Meta-Analysis IDs Best Psychotherapy Interventions for Schizophrenia Relapse Prevention by Jolynn Tumolo
Family interventions, family psychoeducation, and cognitive behavioral therapy provide clear, robust benefits for relapse prevention in people with schizophrenia, according to findings from a systematic review and network meta-analysis published in The Lancet Psychiatry.
“These treatments should be the first psychosocial interventions to be considered in the long-term treatment for patients with schizophrenia,” researchers advised.
Read full article here.
Mary Duhig (2005) described the role of supporter in mental health as an experience that encounters common humanity. She notes, ‘Psychotherapy is an ethical enterprise… a work of love, for it must be open to the value of any other person … someone with whom we share a common humanity’. Mary goes on to suggest the goal of our work is to ‘discover what is a good life within the parameters of a person’s life’. She is inviting us to be deeply connected to the human within ourselves and the other with whom we are seeking to be in a human-to-human relationship.
Read the full article here
On 4/22/21, award winning author Robert Whitaker will lead an ISPS-US webinar on “The Rising Non-Pharmaceutical Paradigm for "Psychosis" -12:00 PM – 1:30 PM EDT (New York time)
In the U.S., one third to one half of people in state prisons and local jails have mental illness. Despite this fact, funding for prison mental health care has been historically inadequate, which limits access to and quality of treatment.
It is illegal to discriminate against prisoners with mental illness, and that includes failing to provide accommodations and reasonable treatment for serious mental health conditions. Yet, “the U.S. prison system often falls short of meeting acceptable standards of care.”
read full article here.
THIRTY years ago, I was given a diagnosis of schizophrenia. My prognosis was “grave”: I would never live independently, hold a job, find a loving partner, get married. My home would be a board-and-care facility, my days spent watching TV in a day room with other people debilitated by mental illness. I would work at menial jobs when my symptoms were quiet. Following my last psychiatric hospitalization at the age of 28, I was encouraged by a doctor to work as a cashier making change. If I could handle that, I was told, we would reassess my ability to hold a more demanding position, perhaps even something full-time.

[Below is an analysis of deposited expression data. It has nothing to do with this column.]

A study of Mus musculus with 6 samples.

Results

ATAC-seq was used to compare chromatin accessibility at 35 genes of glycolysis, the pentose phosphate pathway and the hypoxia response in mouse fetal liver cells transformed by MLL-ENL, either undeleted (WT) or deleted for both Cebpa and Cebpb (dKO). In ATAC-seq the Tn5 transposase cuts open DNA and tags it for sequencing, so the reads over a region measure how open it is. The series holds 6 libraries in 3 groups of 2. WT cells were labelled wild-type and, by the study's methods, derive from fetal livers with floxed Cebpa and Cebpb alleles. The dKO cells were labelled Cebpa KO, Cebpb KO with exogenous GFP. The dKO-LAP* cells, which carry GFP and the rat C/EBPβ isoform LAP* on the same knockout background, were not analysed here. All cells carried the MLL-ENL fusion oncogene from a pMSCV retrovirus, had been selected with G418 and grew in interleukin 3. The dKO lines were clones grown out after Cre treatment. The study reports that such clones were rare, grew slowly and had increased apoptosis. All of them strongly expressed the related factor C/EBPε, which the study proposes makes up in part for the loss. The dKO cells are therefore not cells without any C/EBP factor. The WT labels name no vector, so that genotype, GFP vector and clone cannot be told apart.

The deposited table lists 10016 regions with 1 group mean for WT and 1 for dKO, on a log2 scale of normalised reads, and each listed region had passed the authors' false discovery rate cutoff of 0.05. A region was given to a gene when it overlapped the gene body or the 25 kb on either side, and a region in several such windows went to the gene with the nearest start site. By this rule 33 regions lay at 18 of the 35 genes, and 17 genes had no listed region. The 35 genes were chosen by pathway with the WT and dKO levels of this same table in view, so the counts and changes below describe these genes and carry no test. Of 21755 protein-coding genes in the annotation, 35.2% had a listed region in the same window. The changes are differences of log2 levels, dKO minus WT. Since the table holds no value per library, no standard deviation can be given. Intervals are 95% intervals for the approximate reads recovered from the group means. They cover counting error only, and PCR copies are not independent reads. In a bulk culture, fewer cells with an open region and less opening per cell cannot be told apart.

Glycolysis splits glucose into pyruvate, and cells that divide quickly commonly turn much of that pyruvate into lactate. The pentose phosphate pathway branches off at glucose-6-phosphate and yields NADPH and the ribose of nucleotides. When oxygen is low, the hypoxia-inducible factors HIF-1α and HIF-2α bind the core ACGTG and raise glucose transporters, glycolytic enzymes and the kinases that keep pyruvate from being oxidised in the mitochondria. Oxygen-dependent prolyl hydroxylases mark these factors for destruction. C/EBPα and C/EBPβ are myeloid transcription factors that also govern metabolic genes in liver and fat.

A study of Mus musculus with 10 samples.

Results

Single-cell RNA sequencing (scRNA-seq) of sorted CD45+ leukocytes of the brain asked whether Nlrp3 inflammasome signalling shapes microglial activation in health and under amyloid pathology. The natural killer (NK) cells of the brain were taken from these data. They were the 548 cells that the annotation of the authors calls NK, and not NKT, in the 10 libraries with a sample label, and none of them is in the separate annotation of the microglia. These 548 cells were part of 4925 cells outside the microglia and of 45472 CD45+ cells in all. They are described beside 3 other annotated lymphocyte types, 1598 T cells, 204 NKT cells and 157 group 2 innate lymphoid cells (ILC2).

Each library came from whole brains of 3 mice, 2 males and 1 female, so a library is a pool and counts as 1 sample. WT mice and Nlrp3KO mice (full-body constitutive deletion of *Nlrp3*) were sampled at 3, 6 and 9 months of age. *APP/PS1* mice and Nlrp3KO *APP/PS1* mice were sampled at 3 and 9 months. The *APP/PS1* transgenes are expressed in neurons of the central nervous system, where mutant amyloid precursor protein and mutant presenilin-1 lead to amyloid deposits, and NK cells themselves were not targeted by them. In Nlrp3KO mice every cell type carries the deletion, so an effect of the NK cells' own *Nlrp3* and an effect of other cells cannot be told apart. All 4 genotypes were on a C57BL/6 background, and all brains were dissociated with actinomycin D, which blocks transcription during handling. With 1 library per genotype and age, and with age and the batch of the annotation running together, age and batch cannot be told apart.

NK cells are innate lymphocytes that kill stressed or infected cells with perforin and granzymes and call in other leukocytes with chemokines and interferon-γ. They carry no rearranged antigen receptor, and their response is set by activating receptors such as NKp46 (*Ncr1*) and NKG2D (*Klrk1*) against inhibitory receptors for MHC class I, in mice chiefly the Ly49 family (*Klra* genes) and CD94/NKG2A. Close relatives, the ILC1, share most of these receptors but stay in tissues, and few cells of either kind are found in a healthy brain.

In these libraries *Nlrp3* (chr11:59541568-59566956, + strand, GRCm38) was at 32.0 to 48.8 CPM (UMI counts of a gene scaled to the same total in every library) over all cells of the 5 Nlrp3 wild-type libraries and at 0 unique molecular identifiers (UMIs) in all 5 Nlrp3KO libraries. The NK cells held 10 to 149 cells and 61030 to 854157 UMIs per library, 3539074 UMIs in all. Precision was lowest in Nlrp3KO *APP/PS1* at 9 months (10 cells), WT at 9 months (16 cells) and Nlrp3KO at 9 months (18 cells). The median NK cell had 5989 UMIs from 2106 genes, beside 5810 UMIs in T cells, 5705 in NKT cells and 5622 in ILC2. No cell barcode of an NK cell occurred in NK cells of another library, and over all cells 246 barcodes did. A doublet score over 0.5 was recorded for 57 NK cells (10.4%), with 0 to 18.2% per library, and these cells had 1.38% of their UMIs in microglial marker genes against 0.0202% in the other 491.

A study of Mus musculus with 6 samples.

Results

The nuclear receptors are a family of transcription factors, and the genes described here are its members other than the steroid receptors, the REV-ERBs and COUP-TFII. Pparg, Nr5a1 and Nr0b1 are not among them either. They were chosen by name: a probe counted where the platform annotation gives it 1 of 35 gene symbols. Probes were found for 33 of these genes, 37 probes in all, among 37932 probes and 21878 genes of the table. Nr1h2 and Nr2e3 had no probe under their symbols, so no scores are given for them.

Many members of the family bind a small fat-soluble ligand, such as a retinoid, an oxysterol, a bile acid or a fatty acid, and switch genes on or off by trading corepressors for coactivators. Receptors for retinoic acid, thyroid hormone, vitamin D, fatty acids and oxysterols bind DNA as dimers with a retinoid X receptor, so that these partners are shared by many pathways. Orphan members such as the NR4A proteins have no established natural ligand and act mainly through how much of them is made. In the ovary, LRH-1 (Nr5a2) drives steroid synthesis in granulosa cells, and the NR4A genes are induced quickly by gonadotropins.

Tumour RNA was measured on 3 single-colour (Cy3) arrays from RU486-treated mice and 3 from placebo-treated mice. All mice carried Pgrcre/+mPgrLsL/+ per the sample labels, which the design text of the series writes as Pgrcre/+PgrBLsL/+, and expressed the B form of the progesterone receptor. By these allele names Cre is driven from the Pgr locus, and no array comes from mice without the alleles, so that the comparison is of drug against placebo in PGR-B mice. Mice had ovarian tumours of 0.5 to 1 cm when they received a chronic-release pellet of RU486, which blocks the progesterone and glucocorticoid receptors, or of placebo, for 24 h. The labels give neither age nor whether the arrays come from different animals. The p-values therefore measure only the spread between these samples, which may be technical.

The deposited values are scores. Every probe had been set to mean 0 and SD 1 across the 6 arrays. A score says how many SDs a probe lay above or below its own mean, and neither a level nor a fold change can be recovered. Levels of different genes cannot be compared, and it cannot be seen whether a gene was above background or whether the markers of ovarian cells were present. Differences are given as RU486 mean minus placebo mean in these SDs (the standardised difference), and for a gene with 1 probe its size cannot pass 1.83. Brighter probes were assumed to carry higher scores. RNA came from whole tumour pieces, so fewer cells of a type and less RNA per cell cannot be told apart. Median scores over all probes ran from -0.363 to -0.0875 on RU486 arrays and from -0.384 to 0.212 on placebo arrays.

To read full article click here.
Having spent 13 years in and out of the psychiatric system, Ron’s own route to recovery has given him many insights into the difficult issues facing today’s mental health services.
Ron Coleman was been active in the field of mental health since 1991. When undergoing his ow recovery from mental illness, Ron used his experiences to develop his ideas for recovery-centred treatment of others. Since then, he has gone on to write numerous books and papers on the subject, he was influential in the development of the Hearing Voices Network in the UK and was the first national co-ordinator.
To read the full article click here.
Cognitive Behavioral Therapy Informed Care for Psychosis for Families and Caregivers:Workshop Materials
This is a 5 hour video series (five 45-60 minute segments) put together by Doug Turkington MD from England on Cognitive Behavioral Therapy Informed Care for Psychosis for Families and Caregivers. This program was created by Dr. Turkington at the request of NAMI (National Alliance on Mental Illness) in Marin County, California.
To watch full set of videos, click here.
Phenomenology, Power, Polarization, and the Discourse on Psychosis: Nev Jones, PhD. By Awais Aftab, MD
Having experienced psychosis herself, a psychologist wants us to rethink how we understand and treat this complex condition.
Conversations in Critical Psychiatry is an interview series that explores critical and philosophical perspectives in psychiatry and engages with prominent commentators within and outside the profession who have made meaningful criticisms of the status quo.
To read the full article click here.